Lammens says the Coast Guard is called in “any water-related emergency.” Their sea rescue is limited, however, by the condition of the surf—which can be especially treacherous on the South Shore, the site of the recent drownings.
“The way Long Island is shaped in the actual contour of the beach, it’s a very dangerous place when the winds pick up,” explains Dave McCarthy, U.S. Coast Guard chief warrant officer, whose unit responded to the Cupsogue rescue effort.
It’s also imperative for beachgoers to know just when lifeguards officially begin monitoring their beach, stress officials. Some state beaches have had lifeguards on duty since Memorial Day Weekend: Jones Beach, Robert Moses, Sunken Meadow and Hither Hills, among others. Beaches at Heckscher State Park, Orient Beach State Park and Wildwood State Park—as well as Long Beach—are not staffed until June 26. Cupsogue, a Suffolk County beach, has been fully staffed since June 14. Town and village beaches have varying dates.
Yet as the school season ends, the beach season kicks into overdrive, both in terms of who’s frolicking in the waves and who’s watching them.
Paul Gillespie, chief of the Lifeguard Corps for Long Beach, tells the Press the majority of his lifeguards are either schoolteachers or students. A representative for Westhampton beaches says many of their beach managers are also schoolteachers. The beach season, as a result, correlates with the end of the school year.
According to the New York State Department of Health, from 1987 to 2007, most drowning victims at regulated facilities (beaches and swimming pools) were between the ages 11 and 25.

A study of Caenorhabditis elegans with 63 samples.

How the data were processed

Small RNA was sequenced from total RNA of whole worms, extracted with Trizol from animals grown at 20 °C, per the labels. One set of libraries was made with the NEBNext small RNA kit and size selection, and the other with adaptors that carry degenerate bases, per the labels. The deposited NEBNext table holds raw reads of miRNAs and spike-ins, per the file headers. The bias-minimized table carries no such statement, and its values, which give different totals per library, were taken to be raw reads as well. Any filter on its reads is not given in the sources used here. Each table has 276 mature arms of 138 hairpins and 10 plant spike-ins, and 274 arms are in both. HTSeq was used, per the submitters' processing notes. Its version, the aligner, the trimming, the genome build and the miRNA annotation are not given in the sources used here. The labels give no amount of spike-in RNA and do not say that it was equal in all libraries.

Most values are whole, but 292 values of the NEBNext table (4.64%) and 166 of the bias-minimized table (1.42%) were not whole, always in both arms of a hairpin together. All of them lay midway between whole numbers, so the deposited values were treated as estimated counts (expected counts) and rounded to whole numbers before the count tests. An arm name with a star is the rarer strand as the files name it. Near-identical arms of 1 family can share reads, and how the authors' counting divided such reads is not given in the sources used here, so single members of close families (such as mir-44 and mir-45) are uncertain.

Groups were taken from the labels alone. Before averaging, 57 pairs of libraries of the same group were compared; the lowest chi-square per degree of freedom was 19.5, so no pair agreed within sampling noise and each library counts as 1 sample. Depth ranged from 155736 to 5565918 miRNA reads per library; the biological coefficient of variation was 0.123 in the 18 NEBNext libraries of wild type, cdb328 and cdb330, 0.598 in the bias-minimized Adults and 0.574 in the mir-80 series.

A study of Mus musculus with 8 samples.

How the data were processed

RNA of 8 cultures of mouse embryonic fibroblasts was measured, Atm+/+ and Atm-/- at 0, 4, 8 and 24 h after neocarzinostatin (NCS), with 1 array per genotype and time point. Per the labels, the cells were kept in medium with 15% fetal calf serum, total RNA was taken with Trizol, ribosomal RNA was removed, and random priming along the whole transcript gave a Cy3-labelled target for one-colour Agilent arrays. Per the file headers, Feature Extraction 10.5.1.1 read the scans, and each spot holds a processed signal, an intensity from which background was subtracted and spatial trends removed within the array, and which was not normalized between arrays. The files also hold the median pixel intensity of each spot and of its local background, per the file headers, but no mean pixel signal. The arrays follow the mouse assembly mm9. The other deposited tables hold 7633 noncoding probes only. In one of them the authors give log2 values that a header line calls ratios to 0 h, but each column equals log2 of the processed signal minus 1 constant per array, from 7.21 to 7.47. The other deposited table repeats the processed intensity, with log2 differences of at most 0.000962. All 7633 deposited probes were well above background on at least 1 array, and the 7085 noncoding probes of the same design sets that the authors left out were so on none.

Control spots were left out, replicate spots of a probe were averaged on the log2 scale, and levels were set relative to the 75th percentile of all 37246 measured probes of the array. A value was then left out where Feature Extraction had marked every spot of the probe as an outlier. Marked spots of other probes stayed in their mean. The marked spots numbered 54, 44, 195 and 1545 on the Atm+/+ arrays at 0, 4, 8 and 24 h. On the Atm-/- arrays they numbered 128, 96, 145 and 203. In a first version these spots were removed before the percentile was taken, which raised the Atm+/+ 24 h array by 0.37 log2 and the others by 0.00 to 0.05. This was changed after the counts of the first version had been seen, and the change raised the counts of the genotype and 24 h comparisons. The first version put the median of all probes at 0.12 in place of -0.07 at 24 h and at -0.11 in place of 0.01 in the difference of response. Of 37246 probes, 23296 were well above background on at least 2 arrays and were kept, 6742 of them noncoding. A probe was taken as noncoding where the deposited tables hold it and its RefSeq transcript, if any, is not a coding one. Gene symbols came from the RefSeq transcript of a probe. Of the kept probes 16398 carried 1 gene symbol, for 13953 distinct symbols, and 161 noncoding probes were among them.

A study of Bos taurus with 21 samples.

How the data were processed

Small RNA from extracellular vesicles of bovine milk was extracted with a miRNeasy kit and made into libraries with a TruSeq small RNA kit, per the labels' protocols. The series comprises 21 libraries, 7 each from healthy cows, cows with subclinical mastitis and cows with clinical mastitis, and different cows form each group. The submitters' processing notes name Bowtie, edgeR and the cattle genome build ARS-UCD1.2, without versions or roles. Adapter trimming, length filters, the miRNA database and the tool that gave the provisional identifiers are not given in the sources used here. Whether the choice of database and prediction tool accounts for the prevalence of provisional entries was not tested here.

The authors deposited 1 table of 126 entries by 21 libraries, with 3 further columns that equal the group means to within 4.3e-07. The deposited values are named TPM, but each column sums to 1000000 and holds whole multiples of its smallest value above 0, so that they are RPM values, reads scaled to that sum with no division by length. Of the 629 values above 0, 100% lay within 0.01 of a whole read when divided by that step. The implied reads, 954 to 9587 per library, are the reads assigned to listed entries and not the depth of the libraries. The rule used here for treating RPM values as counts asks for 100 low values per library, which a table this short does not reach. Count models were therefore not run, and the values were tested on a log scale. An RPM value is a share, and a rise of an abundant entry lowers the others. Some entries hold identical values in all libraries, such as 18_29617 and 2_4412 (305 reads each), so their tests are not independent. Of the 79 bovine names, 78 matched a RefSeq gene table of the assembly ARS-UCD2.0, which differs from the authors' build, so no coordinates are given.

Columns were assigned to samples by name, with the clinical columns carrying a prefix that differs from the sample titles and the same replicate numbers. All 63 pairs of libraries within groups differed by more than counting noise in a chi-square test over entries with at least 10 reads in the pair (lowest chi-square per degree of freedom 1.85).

“[Young swimmers] think they can handle a situation when they really can’t,” says Gillespie. “They underestimate the power of the ocean, or they don’t know the power of the ocean.”
Riptides are a large part of this equation. They occur when waves pile up in sand troughs and exit quickly through a break in the sand wall that traps them, according to The Long Island Region’s Lifeguard Rookie Handbook 2010. Riptides develop frequently in the early spring and summer months because winter storms create unstable ocean bottoms. The U.S. Lifeguarding Association’s national statistics state rip currents as responsible for more than 80 percent of all surf beach incidents.
Identifying and knowing how to survive them, explains Kramer, the veteran Jones Beach lifeguard, is of grave importance.
“We need to recognize that the water is rushing out rather than coming in, and you can see it,” he says. “The water is discolored, the waves aren’t breaking the same way across the beach, [and] you can see that you get a mushroom shape of a lot of sand and debris in the riptide itself.”
Kramer offers the following advice for swimmers that find themselves in the grip of riptides: swim parallel to the shore and remain calm.
“Allow [the current] to take you out even though you’re still swimming parallel to the shore,” he says. “Once you’re out of it, you’ll be able to come in. The waves will pretty much knock you in.”
Kramer stresses the importance of swimmers being smart and responsible: “[Swimmers] should have some experience before they’re going to go in over their head.”
To prevent future drowning tragedies, officials urge beachgoers to pay attention to beach conditions.
“Pay attention to the weather report,” advises McCarthy of the Coast Guard. “Call your town and find out what beaches have lifeguards on them.”
Officials hope beachgoers, armed with these tips, will put safety first when stepping out into the water this summer, especially in lieu of the recent drownings. Dr. Maria Torroella Carney, commissioner of the Nassau County Department of Health, urges beachgoers to take safety into their own hands: “Beach drownings are preventable!”
Know Before You Swim
Nassau County Department of Health Commissioner Dr. Maria Torroella Carney encourages residents to follow the following safety tips for a safe and enjoyable summer at the beach:
• Swim in areas with a lifeguard on duty only—never swim when a lifeguard is not present.
• Be Cautious—don’t overestimate your swimming abilities.
• Follow the buddy system—never swim alone.
• Swim drug and alcohol free—alcohol and other drugs impair good judgment, which may cause people to take risks they wouldn’t normally take.
• Obey all posted signs.
• Be prepared for the next incoming wave—never turn your back on the water.
• If a problem arises, contact the lifeguard on duty. They are there to help.